福建31选7走势 www.590i.cn LOS ANGELES, March 8 (Xinhua) -- American spacecraft Crew Dragon parachuted to a splashdown in the Atlantic Ocean off Florida's eastern shore at 8:45 a.m. Eastern Time (1345 GMT) on Friday, completing a flight test to the International Space Station (ISS).
"It's been almost 50 years since we've landed a spacecraft that was designed for humans in the Atlantic Ocean. Last one was Apollo 9 on March 13, 1969," the National Aeronautics and Space Administration (NASA) tweeted.
The spacecraft of U.S. private spaceflight company SpaceX undocked from the ISS at 2:32 a.m. Eastern Time (0732 GMT). It slowly maneuvered away from the ISS into an orbital track to return to Earth, according to NASA.
Before the undocking, ISS crew members closed and locked the Dragon's hatch on Thursday afternoon.
Crew Dragon, designed to fly astronauts to the ISS, was rocketed into orbit last Saturday morning for its maiden unmanned flight. It successfully docked with the space station on Sunday, and remained docked for five days before departing on Friday.
The first commercial crew vehicle is bringing back to Earth over 330 pounds (about 136 kg) of science gear, crew supplies and station hardware, according to NASA. It delivered almost 450 pounds (about 204 kg) of materials to resupply the station crew last Saturday.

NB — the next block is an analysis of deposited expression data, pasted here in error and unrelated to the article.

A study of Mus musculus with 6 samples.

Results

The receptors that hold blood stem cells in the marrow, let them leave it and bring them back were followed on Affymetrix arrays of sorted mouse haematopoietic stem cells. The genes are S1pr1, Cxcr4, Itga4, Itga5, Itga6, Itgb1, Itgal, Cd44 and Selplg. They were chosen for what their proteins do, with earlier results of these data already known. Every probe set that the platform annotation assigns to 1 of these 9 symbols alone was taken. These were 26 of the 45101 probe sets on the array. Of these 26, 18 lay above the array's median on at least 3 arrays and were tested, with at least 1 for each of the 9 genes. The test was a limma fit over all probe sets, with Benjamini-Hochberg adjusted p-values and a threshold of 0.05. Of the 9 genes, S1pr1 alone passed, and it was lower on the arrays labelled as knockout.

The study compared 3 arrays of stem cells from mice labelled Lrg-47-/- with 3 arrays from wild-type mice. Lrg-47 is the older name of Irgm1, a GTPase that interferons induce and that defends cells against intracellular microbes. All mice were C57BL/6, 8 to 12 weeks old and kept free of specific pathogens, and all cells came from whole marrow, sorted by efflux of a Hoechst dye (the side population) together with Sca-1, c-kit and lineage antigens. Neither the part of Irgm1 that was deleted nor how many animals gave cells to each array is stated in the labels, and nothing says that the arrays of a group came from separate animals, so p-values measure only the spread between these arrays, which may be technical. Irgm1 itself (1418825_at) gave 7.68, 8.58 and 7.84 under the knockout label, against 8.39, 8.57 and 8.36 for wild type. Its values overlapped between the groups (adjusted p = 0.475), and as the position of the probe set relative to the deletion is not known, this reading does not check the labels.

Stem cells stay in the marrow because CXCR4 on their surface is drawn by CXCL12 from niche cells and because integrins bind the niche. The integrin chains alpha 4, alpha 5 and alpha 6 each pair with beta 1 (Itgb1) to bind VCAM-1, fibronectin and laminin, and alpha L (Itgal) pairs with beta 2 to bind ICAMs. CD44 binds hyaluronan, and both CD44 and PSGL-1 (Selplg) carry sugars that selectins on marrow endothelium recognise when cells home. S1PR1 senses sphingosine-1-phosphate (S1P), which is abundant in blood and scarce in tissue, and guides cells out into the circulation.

The capsule carried to the ISS a test dummy called Ripley, named after the heroine from the "Alien" movies, which was outfitted with sensors to provide data about potential effects on future astronauts who will travel in the Crew Dragon.
Once the spacecraft is safely home, an immense amount of work will commence to analyze all the data gathered during this test flight.
The demonstration mission, called Demo-1, is the first flight test of a space system designed for humans built and operated by a U.S. commercial company through a public-private partnership.
The mission also marks a significant step forward to the return of launching astronauts to the space station on a U.S.-built spacecraft from U.S. soil since 2011.